IEA further trims oil demand forecast

In its May oil market report, the International Energy Agency has lowered its outlook for 2009 global oil demand by 200,000 b/d, extending a string of downward revisions.

Marilyn Radler
Senior Editor-Economics

HOUSTON, May 14 -- In its May oil market report, the International Energy Agency has lowered its outlook for 2009 global oil demand by 200,000 b/d, extending a string of downward revisions.

The Paris-based agency now sees this year's worldwide oil demand averaging 83.2 million b/d, a 3% decline from 2008 demand. Preliminary data show second-quarter 2009 demand below previous expectations, notably in China, the US, and Russia, IEA said.

Forecast oil demand for members of the Organization for Economic Cooperation and Development has been adjusted down marginally for 2009 to 45.1 million b/d. An upward revision of 160,000 b/d in this year's first-quarter demand was largely offset by a downward adjustment to second-quarter 2009 demand.

Non-OECD oil demand is forecast to average 38.1 million b/d this year, down 140,000 b/d from 2008, which would be the first contraction since 1994, IEA reported.

IEA says that its 2009 oil demand forecast is consistent with recent patterns of economic activity and assumes that the global economy will markedly recover in 2010 at the earliest. And as far as oil demand is concerned, the weakness of the latest available data suggests that a quick recovery remains elusive.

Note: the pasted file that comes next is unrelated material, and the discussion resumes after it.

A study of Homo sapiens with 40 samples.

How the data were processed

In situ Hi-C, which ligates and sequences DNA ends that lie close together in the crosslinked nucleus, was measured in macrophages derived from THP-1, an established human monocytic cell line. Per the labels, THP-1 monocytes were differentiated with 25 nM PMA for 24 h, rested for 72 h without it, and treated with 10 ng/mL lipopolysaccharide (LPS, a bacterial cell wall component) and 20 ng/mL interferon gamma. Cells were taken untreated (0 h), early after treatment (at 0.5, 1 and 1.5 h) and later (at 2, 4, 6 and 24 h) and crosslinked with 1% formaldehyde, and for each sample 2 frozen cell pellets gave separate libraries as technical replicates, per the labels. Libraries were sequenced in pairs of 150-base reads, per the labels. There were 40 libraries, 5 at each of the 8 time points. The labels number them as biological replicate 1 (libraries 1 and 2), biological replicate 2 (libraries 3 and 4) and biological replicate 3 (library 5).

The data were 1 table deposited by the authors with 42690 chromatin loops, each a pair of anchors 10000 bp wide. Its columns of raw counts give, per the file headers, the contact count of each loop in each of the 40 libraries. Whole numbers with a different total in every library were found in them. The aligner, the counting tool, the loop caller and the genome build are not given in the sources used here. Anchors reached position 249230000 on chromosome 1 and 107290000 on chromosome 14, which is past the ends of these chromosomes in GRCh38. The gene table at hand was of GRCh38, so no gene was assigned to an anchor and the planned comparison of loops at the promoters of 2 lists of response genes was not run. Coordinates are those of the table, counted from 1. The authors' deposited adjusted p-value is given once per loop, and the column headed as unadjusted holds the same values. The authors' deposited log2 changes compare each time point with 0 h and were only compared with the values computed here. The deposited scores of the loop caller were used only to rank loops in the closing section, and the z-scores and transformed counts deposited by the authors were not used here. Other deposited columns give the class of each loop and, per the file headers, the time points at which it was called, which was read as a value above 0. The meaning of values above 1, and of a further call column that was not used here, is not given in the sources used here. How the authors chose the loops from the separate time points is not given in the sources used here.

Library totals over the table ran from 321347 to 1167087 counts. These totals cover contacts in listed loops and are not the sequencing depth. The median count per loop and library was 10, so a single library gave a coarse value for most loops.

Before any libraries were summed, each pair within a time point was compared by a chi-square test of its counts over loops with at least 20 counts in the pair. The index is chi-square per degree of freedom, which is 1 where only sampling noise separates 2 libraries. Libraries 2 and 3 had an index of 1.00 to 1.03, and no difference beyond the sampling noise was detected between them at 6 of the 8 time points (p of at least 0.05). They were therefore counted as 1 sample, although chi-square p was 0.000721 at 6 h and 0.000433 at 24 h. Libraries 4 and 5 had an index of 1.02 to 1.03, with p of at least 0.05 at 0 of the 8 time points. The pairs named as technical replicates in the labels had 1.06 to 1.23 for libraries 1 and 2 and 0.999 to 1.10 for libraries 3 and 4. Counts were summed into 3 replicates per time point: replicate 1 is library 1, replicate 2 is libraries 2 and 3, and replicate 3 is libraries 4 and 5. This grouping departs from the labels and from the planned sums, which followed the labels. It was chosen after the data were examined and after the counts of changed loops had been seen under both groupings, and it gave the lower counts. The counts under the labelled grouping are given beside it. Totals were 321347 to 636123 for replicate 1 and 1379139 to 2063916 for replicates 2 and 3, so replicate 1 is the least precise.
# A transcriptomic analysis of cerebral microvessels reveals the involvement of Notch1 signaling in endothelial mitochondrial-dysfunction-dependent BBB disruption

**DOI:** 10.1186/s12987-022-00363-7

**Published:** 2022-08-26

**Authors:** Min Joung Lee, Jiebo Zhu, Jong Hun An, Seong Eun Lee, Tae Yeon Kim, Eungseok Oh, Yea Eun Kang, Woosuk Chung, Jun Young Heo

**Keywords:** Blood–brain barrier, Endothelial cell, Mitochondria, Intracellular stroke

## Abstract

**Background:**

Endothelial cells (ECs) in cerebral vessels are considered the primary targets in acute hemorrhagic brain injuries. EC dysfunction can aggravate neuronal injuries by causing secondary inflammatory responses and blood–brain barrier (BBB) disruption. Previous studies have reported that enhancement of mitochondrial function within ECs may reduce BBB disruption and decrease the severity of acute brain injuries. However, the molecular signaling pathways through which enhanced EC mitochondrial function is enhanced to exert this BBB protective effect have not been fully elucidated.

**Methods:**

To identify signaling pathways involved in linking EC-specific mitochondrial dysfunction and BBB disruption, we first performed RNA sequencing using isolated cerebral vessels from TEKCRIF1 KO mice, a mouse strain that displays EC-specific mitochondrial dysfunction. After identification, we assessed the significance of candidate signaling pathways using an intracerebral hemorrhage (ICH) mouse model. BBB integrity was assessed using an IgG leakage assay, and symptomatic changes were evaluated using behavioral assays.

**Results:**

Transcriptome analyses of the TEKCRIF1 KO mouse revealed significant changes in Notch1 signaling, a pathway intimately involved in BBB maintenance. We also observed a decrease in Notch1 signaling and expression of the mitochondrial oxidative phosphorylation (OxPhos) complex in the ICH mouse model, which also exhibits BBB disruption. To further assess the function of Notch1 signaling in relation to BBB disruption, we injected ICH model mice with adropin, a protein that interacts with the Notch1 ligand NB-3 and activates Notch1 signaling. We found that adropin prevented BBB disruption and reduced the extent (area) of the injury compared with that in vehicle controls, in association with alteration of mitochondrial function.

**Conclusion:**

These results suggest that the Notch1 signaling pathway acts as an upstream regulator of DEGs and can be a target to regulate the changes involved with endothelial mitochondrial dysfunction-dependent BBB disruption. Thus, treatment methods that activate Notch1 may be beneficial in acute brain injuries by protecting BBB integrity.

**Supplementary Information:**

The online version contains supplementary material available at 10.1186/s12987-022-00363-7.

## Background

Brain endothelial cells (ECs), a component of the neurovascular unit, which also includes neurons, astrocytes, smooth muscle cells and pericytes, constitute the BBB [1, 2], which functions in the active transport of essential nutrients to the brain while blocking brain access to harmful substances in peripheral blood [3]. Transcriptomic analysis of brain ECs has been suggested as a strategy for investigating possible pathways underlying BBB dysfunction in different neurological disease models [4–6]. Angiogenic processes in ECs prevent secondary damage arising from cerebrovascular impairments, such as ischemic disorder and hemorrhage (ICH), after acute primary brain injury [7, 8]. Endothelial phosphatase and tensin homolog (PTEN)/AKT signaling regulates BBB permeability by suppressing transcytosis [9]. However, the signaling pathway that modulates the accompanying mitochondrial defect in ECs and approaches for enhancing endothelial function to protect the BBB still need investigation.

Supply
Oil output by members of the Organization of Petroleum Exporting Countries pushed April global oil supply 230,000 b/d higher than a month earlier to 83.6 million b/d. OPEC crude production in April broke a seven-month downward trend, with output up 270,000 b/d to 28.2 million b/d, according to IEA estimates.

Excluding Iraq, OPEC oil output in April rose to 25.8 million b/d. With OPEC's output target at 24.845 million b/d, compliance was reduced to 78% vs. March's 83%.

In its latest report, IEA has also revised its outlook for total 2009 non-OPEC supply 50,000 b/d higher due to stable North Sea production and higher-than-expected Russian production in recent months. Still, the forecast calls for total non-OPEC supply to fall to 50.3 million b/d in 2009 from 50.6 million b/d last year.

Inventories
IEA figures show that OECD industry stocks rose 15.4 million bbl in March to 2.745 million bbl, as falling Pacific crude inventories only partially offset crude stockbuilds in North America and Europe.

OECD stocks in days of forward demand reached 62.4 days at the end of March, as inventories rose and 3-month forward demand fell. Preliminary April data indicate total OECD industry oil inventories rose by 23.2 million bbl, led by gains in US crude stocks.

Short-term floating storage continued to expand, as crude levels increased from 85 million bbl at the end of March to just over 100 million bbl at the end of April. Combined with the reported presence of about 25 million bbl of waterborne product inventories, mostly middle distillates, total short-term floating storage potentially adds 2-3 days to OECD total forward demand cover, IEA said.

Contact Marilyn Radler at marilynr@pennwell.com.